Hi, my name is Elham, and I’m here to share my experience about raising the next Vegan Generation.
It is hard raising kids. Add raising them Vegan, and it becomes even harder.
I became a Vegan before my kids were born.
In fact, I have been wary of eating meat since I was a child myself. I could not ignore that meat was a dead animal, and I had no desire to eat dead animals.
At age 13, I told my mom that I did not want to eat meat again.
Unfortunately, my mom was a single parent working long hours, and I had no idea how to eat properly as a vegetarian.
I remember eating corn nuts and ice cream for lunch. No fresh vegetables. No fruit. Eventually, I became weak and unhealthy.
After 2 years, I reverted back to eating meat, but only turkey deli slices and white meat chicken breast – meat that did not look like meat – no bones, no veins, no blood, the absent referent.
In 2009, I started to learn about factory farming.
I learned about high-speed slaughter-speeds, gestation crates, battery cages, veal crates, where dairy comes from, and chick culling.
Everything started to change for me.
It was no longer this vague feeling that it was weird or gross to eat dead animals, but an awakening to the horrific conditions and abuse these animals suffer by the billions each year.
I became a passionate animal advocate.
1. Raising Kids Vegan in a Non-Vegan World
And then, I became a parent – in a world that pushes people to eat meat, drink dairy, and consume animal products.
I felt overwhelmed as a new parent. What if my children do not grow properly? What if they fail to thrive?
What if they suffer from vitamin deficiencies?
So, my husband and I took the middle ground initially.
We raised them vegetarian, with a limited amount of eggs and dairy (as a safety net).
Over time, however, we saw our kids were growing incredibly well. They were well above normal on all the growth charts. Any blood work we did, looked normal.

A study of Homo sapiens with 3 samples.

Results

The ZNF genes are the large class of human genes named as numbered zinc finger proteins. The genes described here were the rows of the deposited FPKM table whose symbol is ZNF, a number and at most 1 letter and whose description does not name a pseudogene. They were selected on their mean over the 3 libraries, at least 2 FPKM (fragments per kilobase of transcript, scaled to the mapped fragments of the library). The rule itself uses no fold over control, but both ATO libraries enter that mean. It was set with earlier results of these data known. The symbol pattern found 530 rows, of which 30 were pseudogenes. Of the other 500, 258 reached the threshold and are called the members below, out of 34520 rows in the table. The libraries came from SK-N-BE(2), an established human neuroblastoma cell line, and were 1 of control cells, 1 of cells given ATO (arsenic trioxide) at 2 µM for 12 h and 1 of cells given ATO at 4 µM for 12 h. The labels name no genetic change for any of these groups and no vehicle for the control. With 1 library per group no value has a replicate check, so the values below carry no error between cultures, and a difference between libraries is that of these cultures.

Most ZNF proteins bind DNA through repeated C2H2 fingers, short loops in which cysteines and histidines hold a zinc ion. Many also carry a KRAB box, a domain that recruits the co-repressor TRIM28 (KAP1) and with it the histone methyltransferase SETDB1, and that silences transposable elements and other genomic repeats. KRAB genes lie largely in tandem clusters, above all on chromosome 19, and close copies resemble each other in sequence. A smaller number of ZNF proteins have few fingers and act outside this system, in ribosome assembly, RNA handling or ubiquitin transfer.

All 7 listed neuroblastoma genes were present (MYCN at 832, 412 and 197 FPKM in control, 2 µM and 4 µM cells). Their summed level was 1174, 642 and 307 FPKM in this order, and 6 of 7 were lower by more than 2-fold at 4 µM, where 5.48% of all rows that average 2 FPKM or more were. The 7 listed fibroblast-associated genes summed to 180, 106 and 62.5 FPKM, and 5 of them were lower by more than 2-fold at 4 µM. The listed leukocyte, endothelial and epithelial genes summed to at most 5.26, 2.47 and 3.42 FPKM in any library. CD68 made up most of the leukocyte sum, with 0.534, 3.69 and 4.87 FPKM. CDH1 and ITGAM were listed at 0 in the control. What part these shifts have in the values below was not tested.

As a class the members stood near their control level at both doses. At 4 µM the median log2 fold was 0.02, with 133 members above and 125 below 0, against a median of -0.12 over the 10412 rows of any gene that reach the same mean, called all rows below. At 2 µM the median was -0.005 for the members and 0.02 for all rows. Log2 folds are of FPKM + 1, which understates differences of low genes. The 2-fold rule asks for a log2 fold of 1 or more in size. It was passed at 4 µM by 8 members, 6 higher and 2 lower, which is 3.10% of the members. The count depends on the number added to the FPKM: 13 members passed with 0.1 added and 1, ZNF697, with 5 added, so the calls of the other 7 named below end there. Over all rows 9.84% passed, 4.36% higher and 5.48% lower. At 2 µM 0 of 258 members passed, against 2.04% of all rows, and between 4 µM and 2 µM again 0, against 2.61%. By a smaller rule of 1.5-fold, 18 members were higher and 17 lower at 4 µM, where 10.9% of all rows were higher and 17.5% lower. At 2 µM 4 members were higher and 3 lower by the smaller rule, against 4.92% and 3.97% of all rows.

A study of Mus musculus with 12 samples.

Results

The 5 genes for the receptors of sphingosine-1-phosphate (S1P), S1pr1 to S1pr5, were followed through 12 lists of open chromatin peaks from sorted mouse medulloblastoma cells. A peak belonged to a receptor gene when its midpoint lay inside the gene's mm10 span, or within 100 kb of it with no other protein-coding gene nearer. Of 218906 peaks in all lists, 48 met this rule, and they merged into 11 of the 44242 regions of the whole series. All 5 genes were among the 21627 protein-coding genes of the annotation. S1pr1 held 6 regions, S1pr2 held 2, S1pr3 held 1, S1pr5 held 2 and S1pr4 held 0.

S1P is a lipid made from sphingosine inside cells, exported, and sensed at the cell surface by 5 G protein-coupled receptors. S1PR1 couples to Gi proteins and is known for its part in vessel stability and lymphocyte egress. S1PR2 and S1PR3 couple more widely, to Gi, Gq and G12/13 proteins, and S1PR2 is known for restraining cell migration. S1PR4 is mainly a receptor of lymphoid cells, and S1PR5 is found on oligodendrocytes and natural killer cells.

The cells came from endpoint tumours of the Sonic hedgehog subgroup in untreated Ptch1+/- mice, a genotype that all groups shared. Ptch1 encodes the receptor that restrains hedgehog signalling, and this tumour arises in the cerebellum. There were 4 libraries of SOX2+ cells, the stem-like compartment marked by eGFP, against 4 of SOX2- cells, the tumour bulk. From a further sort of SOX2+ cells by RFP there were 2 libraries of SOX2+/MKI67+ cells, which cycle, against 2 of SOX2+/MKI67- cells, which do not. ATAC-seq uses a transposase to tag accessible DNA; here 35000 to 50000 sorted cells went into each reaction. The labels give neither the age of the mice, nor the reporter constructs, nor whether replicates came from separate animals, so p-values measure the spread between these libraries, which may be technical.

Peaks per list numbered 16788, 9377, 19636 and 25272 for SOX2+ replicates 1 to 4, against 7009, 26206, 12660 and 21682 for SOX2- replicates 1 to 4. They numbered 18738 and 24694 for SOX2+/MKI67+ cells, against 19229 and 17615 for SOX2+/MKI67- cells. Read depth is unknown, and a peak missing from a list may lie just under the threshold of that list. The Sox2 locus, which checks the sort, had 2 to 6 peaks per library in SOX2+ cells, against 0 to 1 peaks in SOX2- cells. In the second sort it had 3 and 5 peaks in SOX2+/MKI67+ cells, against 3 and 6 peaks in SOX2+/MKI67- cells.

My husband questioned why we were feeding our children any eggs and dairy when we were not eating them.
We entirely removed eggs and dairy from our home, and happily, my children have continued to grow and thrive.
2. Finding a Middle Ground
I do give my children the ability to eat foods with dairy and eggs if we are traveling, attending a family gathering, a birthday party, or other events.
I do not want our plant-based lifestyle to feel like deprivation to them.
If they want to eat birthday cake, they can eat birthday cake.
But, as they get older, I am able to explain to them more why we do not eat dairy and eggs.
They are now starting to ask me if something has cow’s milk before deciding whether to eat it.
My kids are also now educating their friends.
My 5-year-old daughter was explaining to her classmates that pepperoni comes from a pig.
They did not believe her.
She came home upset and said, “my friends do not believe me that pepperoni is a dead pig.
They think they are eating vegetarian, but they are not. They don’t even know.”
3. Set your Vegan Children Up for Success
Foremost, talk to your kids about what they eat; do they know what meat is?
If your child does not want to eat meat, support them.
And don’t fear that your child needs to eat meat to be healthy.
My three children have never eaten meat, and I have not eaten meat in 11 years. The key is a well-balanced diet.
How to get your kids to eat a well-balanced diet? Have your kids help prepare their meals.
They can wash and chop and stir. If possible, have them help grow vegetables and fruit in a garden.
I have found that my kids are much more excited to eat a meal they helped prepare.
Also, make a fruit and veggie platter in the morning and leave out for the kids to graze on throughout the day.
Do they want a snack? Point them to the fruit and veggie platter.
It is also important to be patient and take baby steps.
I did not become plant-based overnight, and neither did my children.
It is about effort and progress, not perfection.
Slowly introduce plant-based meals, and introduce the same food multiple times.
I have found that over time, my children will actually eat and enjoy foods they rejected in the past.
Lastly, there are so many great plant-based alternatives now available.
Eating plant-based is not about deprivation. If your kids love burgers, try a Beyond Burger.
Do they love grilled cheese? Try using Miyoko’s cheese.
And remind them the best part of egg-free baking is that they can lick the bowl!
They will never want to bake with eggs again!
How to Connect With Me
My mom and I started the blog “Plant-Based Persian”, to help bring a plant-based lifestyle to our Persian culture.
If you are interested in plant-based Persian recipes or other plant-based reviews or reflections, follow us on Instagram @plant_basedpersian or subscribe to our blog – www.plantbasedpersian.com.